In Memory of Zak Shaik: Teachers Reflect on Shaik’s Radiating Positivity


Carson Hollingsworth

Sophomore Shaik fishing with his paraprofessional Carson Hollingsworth in the woods together.

Maria Lemos, Editor-In-Chief

While walking through the halls, several teachers can remember sophomore Zakaria Shaik zipping past in a flash as he accelerated on his wheelchair with laughing teachers chasing behind.

“He would always ask to race me, and he would just fly. He would leave me in the dust, and he’d look at me like, ‘Dude, I beat you’,” said Carson Hollingsworth, Shaik’s paraprofessional.

Shaik was a beloved son and a dedicated student who marked the lives of those around him. He passed away in December of 2022.

“Zak didn’t talk a whole lot; he was very quiet. But you could tell what he wanted to say through his eyes,” said Hollingsworth.

Like Hollingsworth, Michael Matthews, Shaik’s math teacher, described Shaik as soft-spoken.

“He would give you these smiles and looks, and you just knew everything was going to be great,” said Matthews.

According to his teachers, Shaik had a positive regardless of the obstacles he faced in life.

“He was aware of his disability, but he didn’t let him stop that or define him,” said Amy Muta, Shaik’s English teacher.

Shaik had muscular dystrophy, which is a degenerative disorder of the muscular system. Over time, his muscles slowly deteriorated.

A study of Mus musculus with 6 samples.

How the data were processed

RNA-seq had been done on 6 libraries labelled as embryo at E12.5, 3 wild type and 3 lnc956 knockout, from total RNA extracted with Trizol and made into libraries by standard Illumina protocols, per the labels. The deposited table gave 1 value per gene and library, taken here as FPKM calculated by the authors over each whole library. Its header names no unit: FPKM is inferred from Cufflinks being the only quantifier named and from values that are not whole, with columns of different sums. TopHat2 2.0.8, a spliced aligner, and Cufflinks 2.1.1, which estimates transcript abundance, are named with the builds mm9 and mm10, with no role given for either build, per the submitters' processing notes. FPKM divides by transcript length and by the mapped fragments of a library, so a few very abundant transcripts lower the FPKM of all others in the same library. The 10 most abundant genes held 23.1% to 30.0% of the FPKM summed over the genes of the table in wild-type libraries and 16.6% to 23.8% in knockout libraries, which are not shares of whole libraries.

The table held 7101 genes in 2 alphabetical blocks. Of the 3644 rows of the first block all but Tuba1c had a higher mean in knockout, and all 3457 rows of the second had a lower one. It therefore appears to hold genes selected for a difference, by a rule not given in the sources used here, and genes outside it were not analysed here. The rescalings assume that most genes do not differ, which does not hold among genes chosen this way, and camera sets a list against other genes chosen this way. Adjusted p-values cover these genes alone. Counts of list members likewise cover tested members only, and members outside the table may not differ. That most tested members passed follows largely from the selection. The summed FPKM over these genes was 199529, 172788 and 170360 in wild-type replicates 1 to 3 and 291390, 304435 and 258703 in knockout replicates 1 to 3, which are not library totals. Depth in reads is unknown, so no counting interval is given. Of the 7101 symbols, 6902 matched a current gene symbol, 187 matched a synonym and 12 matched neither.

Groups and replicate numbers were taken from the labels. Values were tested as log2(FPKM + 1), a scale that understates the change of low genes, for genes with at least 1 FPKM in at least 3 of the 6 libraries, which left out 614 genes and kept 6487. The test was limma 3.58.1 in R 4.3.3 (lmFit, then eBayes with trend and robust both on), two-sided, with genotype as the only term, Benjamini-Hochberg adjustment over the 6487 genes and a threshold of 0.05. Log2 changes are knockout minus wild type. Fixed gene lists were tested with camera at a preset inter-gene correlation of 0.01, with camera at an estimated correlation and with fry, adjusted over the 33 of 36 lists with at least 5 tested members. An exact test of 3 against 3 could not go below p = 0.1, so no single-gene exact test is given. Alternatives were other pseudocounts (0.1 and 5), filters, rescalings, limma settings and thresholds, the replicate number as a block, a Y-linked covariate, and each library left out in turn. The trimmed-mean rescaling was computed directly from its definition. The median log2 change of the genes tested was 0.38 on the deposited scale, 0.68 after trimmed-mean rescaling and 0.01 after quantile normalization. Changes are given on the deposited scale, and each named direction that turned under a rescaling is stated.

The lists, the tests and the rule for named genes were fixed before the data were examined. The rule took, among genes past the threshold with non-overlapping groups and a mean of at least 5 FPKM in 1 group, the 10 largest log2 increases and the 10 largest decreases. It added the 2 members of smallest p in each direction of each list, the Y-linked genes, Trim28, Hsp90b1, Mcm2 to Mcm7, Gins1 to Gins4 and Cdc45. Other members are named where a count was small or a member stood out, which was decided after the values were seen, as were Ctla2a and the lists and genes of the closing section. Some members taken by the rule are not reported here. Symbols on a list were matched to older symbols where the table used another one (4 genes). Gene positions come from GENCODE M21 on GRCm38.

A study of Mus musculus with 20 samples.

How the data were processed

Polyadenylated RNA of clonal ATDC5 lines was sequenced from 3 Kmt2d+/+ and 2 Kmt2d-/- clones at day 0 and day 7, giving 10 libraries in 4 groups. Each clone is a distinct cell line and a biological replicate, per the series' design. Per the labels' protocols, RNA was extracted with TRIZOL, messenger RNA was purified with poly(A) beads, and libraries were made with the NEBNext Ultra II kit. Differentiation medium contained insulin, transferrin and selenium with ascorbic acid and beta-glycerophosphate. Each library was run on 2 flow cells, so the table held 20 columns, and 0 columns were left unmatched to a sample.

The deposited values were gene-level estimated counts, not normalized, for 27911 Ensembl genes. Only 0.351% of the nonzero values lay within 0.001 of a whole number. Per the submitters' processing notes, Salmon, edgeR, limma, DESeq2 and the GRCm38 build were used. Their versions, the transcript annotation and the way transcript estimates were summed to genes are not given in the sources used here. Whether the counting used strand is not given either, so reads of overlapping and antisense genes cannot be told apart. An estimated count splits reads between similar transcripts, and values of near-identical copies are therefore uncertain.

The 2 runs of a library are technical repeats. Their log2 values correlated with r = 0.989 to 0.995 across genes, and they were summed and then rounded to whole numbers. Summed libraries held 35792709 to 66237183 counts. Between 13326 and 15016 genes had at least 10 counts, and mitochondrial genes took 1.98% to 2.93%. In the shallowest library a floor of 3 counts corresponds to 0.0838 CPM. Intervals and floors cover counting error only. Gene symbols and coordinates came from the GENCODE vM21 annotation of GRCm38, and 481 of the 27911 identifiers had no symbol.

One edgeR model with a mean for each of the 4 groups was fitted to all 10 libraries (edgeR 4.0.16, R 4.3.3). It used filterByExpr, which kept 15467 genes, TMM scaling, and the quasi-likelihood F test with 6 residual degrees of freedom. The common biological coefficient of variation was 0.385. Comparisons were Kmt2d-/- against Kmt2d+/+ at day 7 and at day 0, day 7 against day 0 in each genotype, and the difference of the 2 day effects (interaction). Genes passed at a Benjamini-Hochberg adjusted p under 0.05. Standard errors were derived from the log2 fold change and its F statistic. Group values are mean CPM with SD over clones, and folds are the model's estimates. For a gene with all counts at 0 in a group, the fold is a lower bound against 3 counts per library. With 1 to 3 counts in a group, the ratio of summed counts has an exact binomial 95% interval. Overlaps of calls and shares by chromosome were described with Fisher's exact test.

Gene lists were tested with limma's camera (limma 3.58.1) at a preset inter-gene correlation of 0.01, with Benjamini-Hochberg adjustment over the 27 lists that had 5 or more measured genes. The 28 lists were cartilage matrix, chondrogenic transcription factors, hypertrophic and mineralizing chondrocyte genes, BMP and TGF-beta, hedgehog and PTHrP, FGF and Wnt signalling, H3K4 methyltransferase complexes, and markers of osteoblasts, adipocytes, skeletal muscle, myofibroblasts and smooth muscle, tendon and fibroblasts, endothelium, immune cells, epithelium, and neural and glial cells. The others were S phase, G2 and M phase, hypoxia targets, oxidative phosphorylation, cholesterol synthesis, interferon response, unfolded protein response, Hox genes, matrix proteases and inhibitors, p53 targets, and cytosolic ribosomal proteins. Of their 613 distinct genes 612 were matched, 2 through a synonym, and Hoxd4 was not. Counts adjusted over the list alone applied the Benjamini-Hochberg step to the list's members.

“I didn’t know what I was walking into, but working with him truly made me appreciate life. It was a blessing,” said Hollingsworth. “He taught me how to have a different outlook of life.”

Shaik’s positivity was infectious to all the students around him said Muta.

“He was a huge gamer, so it would always be fun to hear the kids go, ‘Oh my gosh, you should’ve saw Zak,’ or like, ‘Zak, you were killing it this weekend’,” said Muta with a laugh.

He had a mellow personality that constantly drew students to be around him. Shaik had a great sense of humor that could put a smile on everyone’s face said teachers.

“Sometimes we would play UNO in class, and he would always hit me with a plus four, but with this sly look,” Matthews recalled, chuckling.

Muta said that most of her comedic attempts went unnoticed by most of her class, however Shaik would always comfort her with a smirk.

“He had the greatest sense of humor, but he was so subtle about it,” she said.

Shaik radiated this energy to students but also channeled this into his work.

“He was a great writer, just a great ELA student and an amazing artist according to the students,” said Muta.

Matthews remembers how he came to class every day and made every minute an enjoyable experience.

There was so much to learn from Shaik. His optimism in the face of difficulty, his charismatic personality and consistent smile impacted many.

“He was a special kid, and I was very, very blessed to work with him,” said Hollingsworth.